In “1917,” Mendes tracks the mission of two young soldiers, Lance Corporal Blake (Dean-Charles Chapman) and Lance Corporal Schofield (George MacKay), who are tasked with delivering a message across no man’s land to warn British troops about an oncoming enemy trap. Because the film is shot in real-time, there is an unrelenting sense of urgency felt throughout each scene. This constant thread of tension helps to counteract the relative simplicity of the film’s plot and the surprising lack of action — there were far fewer explosions and gun fights than I would have expected. 

The chemistry between the two leads also helps carry much of the film’s absence of plot. Chapman’s upbeat attitude works as a perfect foil to MacKay’s more stoic cynicism. The banter between the two feels both real and incredibly lived-in, as if the two soldiers had indeed spent a great deal of time together kicking around in the trenches while waiting for orders. Unfortunately, both characters are never fully fleshed out, as the film only hints at vague back stories.

This is not to say that the film is boring, however. It almost never is. The immersive production design and striking cinematography transport the audience into the horrific, visceral world of trench warfare. Likewise, Mendes’ tracking camerawork makes the audience truly feel as if they are a part of the soldiers’ quest, a silent third party being brought along for the ride. Still, it is clear that the visual gimmick of one long shot limits the narrative to focus on one straightforward mission. As a result, from a plot perspective, the movie offers very little surprises.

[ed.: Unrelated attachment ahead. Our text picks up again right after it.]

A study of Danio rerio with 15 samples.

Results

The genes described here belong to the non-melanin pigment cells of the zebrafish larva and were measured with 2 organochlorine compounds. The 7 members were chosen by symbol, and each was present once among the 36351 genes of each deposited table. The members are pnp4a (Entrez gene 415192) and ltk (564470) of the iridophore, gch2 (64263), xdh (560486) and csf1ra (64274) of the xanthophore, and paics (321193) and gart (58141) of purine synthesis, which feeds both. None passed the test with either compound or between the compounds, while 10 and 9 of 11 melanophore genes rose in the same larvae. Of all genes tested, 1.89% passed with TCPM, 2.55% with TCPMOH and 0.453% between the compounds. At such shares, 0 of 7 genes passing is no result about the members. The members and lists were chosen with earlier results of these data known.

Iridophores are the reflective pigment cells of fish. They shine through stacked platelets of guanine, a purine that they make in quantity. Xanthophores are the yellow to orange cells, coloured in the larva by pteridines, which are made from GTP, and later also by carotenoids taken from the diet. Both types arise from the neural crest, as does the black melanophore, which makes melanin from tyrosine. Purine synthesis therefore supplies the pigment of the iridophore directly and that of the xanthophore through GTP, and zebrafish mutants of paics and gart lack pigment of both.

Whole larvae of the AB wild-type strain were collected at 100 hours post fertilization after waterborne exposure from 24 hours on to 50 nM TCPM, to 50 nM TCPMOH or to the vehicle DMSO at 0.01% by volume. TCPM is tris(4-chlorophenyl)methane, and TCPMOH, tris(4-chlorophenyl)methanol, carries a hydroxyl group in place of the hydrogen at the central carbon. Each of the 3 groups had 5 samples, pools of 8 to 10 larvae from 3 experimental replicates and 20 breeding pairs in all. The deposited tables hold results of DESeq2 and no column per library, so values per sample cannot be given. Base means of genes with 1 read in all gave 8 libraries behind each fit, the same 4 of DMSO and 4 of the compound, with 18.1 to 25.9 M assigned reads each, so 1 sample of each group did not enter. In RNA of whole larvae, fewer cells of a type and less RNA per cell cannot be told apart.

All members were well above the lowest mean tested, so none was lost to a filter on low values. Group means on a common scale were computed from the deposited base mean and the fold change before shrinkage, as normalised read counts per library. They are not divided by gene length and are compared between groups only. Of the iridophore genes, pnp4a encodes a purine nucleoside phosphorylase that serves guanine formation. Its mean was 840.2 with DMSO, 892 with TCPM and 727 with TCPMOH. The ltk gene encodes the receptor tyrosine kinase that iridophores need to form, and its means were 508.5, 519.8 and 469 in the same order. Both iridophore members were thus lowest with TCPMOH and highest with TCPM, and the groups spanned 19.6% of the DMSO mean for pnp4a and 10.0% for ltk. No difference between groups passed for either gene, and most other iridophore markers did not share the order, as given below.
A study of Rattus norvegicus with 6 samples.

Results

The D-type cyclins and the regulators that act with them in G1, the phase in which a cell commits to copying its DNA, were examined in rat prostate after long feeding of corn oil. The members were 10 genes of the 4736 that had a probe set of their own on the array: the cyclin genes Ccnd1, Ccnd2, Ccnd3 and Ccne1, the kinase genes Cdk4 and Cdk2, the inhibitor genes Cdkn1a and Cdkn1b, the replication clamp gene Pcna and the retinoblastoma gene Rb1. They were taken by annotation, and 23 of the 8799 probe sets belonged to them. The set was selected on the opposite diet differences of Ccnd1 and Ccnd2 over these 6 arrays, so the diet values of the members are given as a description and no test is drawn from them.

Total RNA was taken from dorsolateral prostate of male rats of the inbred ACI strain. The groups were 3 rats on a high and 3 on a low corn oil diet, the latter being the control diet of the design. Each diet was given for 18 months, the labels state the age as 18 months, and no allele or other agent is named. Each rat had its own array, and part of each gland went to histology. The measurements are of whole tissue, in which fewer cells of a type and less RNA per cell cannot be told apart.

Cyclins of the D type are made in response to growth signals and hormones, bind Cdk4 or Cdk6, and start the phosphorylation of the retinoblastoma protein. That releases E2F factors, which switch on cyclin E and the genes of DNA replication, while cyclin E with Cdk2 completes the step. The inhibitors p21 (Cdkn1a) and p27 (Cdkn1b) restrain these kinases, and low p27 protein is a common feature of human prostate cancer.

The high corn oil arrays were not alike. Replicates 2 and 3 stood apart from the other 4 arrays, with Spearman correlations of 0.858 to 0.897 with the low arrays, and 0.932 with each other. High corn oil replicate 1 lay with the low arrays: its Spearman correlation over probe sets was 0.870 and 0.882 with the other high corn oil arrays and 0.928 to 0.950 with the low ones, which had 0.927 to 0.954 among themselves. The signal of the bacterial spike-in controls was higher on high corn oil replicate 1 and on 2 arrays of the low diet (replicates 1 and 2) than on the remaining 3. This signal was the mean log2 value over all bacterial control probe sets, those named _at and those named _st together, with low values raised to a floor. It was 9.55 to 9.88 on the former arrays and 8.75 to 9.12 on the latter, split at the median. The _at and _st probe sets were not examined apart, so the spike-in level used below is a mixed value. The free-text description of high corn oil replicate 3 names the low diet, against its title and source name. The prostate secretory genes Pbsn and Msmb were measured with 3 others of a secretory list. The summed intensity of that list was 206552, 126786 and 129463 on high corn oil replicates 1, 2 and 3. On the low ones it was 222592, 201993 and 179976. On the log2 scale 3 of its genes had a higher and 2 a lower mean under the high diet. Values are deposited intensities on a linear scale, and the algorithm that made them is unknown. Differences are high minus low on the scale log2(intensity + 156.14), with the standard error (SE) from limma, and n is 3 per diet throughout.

Likewise, the one-shot format reduces the impact of some of the film’s emotional beats. Because the movie never cuts, or goes to painstaking effort to disguise any cuts, emotional moments are barely given any time to breathe. Although Mendes occasionally does slow down the non-stop pace of the film for quiet scenes of poignancy, it is not long before we are thrust back into the mission. As such, the film’s emotional moments never really land. Before the audience can internalize the impact of what just happened, the film quickly moves on. 

Nevertheless, despite its relative lack of depth, “1917” is still a thoroughly enjoyable film. Mendes’ technical finesse and bold, stylistic choices manage to elevate a simple, uncomplicated story to a suspenseful feast for the eyes. With every sequence seeming to one-up the previous one in terms of cinematic spectacle, “1917” effectively recreates the atrocities and hollowness of WWI in a dynamic, enveloping manner. 

Contact Paolo Vera at jpvera ‘at’ stanford.edu.